Paradox: The Body in the Age of AI
, the latest exhibition at Carnegie Mellon University’s Miller Institute for Contemporary Art, confronts the question of preserving humanity at the dawn of the AI age. Curated by Miller Institute director, Elizabeth Chodos, the show takes inspiration from the Moravec Paradox, the theory that programming AI to perform complex tasks is far simpler than mimicking that which comes second nature to humans —
in other words, it’s easier to teach a robot to play chess than it is to teach it how to walk or see. With that in mind, a press release states that the show’s chosen artists “consider the body’s elusive and underestimated power” and question how we can create cyborgs when we still barely understand the mysteries of the human body.
The first floor hints at a future dystopia with Siebren Versteeg’s steel-rod stick-person sculptures engaging in monotonous processes — his "Danny Liker" sits stooped over, mindlessly scrolling through an app, as "The Maker and the Made" endlessly produces ephemeral paintings that disappear into the digital ether. Both pieces include the cyberpunk touch of a skull-shaped cinder block. As if to drive the tone home, Jillian Mayer’s bright, mineral-like sculptures — called “slumpies
” — grow from the walls and floor like cave rock formations, the remnants of a once-natural world overcome by the white, sterile gallery environment.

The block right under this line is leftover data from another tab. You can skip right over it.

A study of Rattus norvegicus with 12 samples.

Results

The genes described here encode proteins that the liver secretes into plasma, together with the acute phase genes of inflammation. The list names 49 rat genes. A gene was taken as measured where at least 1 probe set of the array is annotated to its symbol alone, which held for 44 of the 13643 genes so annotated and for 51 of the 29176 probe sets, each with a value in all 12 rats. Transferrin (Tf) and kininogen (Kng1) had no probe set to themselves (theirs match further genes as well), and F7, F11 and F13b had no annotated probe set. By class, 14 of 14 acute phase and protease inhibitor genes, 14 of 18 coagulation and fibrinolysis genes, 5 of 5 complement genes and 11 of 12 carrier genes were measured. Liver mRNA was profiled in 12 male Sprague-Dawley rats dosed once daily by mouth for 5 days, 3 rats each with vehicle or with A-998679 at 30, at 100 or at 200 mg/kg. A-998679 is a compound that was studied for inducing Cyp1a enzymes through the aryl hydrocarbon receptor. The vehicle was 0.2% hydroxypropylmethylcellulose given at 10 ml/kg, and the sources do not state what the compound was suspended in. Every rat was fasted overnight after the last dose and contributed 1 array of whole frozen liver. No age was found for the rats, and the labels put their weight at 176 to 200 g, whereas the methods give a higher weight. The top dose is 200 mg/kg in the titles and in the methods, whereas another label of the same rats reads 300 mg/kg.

The second floor pops with playful, colorful works, all with the power to mesmerize. The transfixing Beadman
by Brian Bress seems to comment on gif culture with the looped, slow-motion video of a clownish, bead-covered figure forever jumping on a trampoline. The Flower Matrix Pod
by Claudia Hart invites visitors into a psychedelic environment complete with a VR headset and suspended headphones playing what sounds like a creepy anime version of Sigur Rós. A dark theater space houses Zach Blas's Contra-Internet: Jubilee 2033
, an experimental film installation inspired by the 1978 cult classic Jubilee
. The immersive piece exudes punk comic sensibility with intellectuals Ayn Rand and Alan Greenspan meeting an androgynous, silver-painted prophet who, among other things, humps a Tron
-like internet landscape with their glowing, CGI phallus.
Contra-Internet: Jubilee 2033
Though less technical, the sculptures "
Soundsuit" by Nick Cave (no, not that Nick Cave), a towering, Seussian creature patched in bright colors, and the industrial, Dali-esque "Systems I" by Jes Fan are
no less fascinating. At the center of it all is Eunsu Kang’s "
Kyungja," a giant vinyl print created with a machine algorithm trained to generate human faces without recognizing gender, ethnicity, or age. The result resembles a Magic Eye poster by way of author Jeff VanderMeer’s Southern Reach trilogy, a sci-fi series about an uncanny dimension where humans, animals, and plant life converge in haunting ways.
Though more minimalist, the third floor impresses with its collection of elegant works. "Experiments in Absorption" by Kate Cooper serves as the centerpiece, and rightfully so – the stunning installation comments on the dehumanizing qualities of consumer culture with large monitors featuring fragmented images of the human body, right down to what looks like a DNA strand periodically engulfed by a black fog. Stephanie Dinkins created an ancient, Alexa-like storyteller in the form of a large, black conch shell with "Not The Only One (NTOO)," while Sarah Oppenheimer delights with "I-134442," an unassuming, interactive wall installation that examines the relationship between humans and architectural spaces.
Paradox: The Body in the Age of AI
delivers an unpretentious, exciting examination of our possible future. Whether or not it answers the larger questions surrounding AI seems less important than that it was at least curious enough to attempt such a feat.